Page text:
Scientific evidence has shown that there is a link between diabetes and an increase chance of oral health problems. Although it is a disease that affects your entire body-- from your liver, to your muscles, to your heart-- it also can have effect on the well-being of your teeth and gums.
The crux of the problem is poor blood sugar management-- when this is not effectively managed, it can result in weakened white blood cells-- which are the main line of defense against bacteria. If your body cannot properly maintain white blood cell count, it can lead to infections-- and that includes in the mouth and gums as well.
In this article, we’re going to examine:
As we mentioned above, the link between diabetes and oral health problems comes from blood sugar management. If your diabetes is not managed properly or consistently, it can lead to an improper function of white blood cells. When these are cells are unable to fight off bacteria, infections are very common. Diabetes itself does not cause the problems of infection or tooth decay-- it is incorrect management of blood sugar that does. Too high blood sugar can lead to a whole set of problems in diabetics, including:
High blood sugar also weakens white blood cells which help your body fight bacterial infections-- and is true for the body as a whole. But it also affects how you can fight any infection in your mouth and gums. Having low blood sugar is also a problem for diabetics as well, and can have an affect on how your body fights infection as well.
Proper blood sugar management is usually done with a blood glucose monitoring kit requiring a drop of blood to be place on a testing strip. It is crucial for diabetics to monitor their blood sugar level, that way they can compensate if their sugar is too low or too high. Learning to correctly manage this is the first step towards having better oral hygiene-- and a better defense against future infections.
There is a common misconception that diabetics are more prone to cavities or losing teeth-- but this is simply not the case. People with well-controlled blood sugar are no more likely to develop a cavity or have a tooth decay than people without diabetes. It comes down to proper glucose management-- and due to poor blood sugar management, people with diabetes are much more prone to:
Saliva is crucial to the well being of your mouth and gums. It acts as an agent that removes and flushes out harmful bacteria from your mouth. If your body’s ability to fight infection is already low, having a dry mouth will only make matters worse. Consistent dry mouth can lead to soreness, infections, and tooth decay-- not to mention create a breeding ground for bacteria.
If you are on medications where a side effect is dry mouth, it is very important that you work to keep your blood sugar in check-- any deviation will only increase your chances of sustaining an infection in your mouth. Saliva is also protective of tooth enamel, and without it, you are much more prone to a cavity.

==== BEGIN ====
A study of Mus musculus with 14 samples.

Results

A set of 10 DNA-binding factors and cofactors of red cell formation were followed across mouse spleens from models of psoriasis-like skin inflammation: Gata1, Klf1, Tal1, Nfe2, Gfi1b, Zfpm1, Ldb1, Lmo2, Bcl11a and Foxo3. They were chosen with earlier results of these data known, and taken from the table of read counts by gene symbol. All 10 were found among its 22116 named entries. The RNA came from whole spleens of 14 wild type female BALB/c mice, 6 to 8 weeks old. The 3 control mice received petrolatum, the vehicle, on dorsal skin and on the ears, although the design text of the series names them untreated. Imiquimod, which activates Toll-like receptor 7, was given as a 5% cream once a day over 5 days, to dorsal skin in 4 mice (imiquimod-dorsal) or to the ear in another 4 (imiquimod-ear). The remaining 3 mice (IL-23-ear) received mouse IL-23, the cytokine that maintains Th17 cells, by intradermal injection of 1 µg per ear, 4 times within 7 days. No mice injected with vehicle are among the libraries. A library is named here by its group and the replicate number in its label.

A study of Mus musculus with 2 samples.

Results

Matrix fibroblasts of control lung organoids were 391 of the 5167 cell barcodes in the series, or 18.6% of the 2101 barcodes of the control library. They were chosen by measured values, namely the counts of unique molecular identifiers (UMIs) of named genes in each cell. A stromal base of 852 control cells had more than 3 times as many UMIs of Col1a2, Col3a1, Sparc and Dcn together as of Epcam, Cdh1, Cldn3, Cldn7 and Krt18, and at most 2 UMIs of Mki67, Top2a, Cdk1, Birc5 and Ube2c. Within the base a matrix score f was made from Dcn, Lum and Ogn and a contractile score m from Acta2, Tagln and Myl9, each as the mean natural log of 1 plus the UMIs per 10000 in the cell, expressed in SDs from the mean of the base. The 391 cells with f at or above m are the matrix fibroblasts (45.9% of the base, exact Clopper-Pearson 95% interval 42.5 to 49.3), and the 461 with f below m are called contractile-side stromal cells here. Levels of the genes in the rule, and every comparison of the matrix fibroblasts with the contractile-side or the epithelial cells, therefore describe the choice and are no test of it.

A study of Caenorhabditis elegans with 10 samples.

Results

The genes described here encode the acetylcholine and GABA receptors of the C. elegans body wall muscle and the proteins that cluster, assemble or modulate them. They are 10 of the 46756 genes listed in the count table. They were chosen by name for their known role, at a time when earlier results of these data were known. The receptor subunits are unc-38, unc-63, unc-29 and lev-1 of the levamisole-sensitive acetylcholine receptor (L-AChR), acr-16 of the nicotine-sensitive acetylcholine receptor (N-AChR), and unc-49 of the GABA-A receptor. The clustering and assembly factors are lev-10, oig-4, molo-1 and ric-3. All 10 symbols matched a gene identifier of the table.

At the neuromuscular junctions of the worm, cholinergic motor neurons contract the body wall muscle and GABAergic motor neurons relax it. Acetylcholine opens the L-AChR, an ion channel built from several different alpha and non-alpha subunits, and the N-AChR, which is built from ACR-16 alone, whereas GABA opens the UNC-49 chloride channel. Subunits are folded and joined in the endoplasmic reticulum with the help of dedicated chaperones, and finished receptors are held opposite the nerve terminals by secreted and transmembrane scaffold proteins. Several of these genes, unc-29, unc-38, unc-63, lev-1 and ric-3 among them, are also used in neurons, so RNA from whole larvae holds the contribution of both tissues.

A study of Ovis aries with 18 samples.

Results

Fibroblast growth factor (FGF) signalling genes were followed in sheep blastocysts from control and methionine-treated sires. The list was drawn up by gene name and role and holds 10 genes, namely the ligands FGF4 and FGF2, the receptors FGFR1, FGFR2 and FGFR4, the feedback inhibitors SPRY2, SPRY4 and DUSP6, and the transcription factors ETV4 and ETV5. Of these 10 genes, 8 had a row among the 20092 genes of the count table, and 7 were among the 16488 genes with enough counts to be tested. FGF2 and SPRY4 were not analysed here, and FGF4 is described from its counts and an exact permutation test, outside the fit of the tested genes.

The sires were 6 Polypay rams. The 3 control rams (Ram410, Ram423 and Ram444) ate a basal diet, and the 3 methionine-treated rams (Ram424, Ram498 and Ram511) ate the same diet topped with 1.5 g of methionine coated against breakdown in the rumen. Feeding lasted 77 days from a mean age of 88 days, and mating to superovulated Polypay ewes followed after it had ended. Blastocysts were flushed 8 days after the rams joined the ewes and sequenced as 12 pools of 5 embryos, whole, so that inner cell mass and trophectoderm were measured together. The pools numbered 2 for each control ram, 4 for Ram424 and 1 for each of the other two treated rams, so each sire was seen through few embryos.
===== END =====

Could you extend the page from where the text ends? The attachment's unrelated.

Diabetics who mismanage their blood glucose are more prone to bleeding gums (gingivitis), which can be a painful and uncomfortable experience. Diabetes can also cause blood vessels to thicken-- and this includes in the mouth as well. It slows nutrients and makes it more difficult for the body to get rid of waste-- increasing the risk of an infection. Gum disease can manifest quicker and more severely in diabetics as well.
Diabetics tend to heal more slowly after any oral surgery or dental engagements-- this is due to the fact that the blood flow is altered and not operating in an efficient way. Even a trip for a cleaning can be painful or result in poor healing if the gums were bothered by the dental hygienist's tools.
Dentists should take care when doing any procedures on a diabetic who may have poorly managed blood sugar. Poor healing of the tissue is one of the reasons for this. Implanting a crown or a filling should be held off until the person can get their diabetes back under control.
People with diabetes may be on antibiotics to deal with bacterial infections. This also makes them more prone to fungal infections in the mouth and on the tongue. Dentures are another way for a fungus to gain a foothold in your mouth. If you are constantly wearing them-- or not cleaning them properly-- it can introduce this type of infection to the mouth and gums.
Diabetics should talk with their doctor and learn to manage their diabetes-- it can help them live a much better life. Because this disease affects so much more than just oral health, proper management is key. Here are some tips for diabetics for better oral health management:
If you have diabetes, it is imperative that you maintain a good routine of proper oral hygiene. You body needs all the help it can get against infection-- even in your mouth. If you don’t have diabetes, is still important to take care of your teeth and gums so that they can stay healthy and last you a lifetime!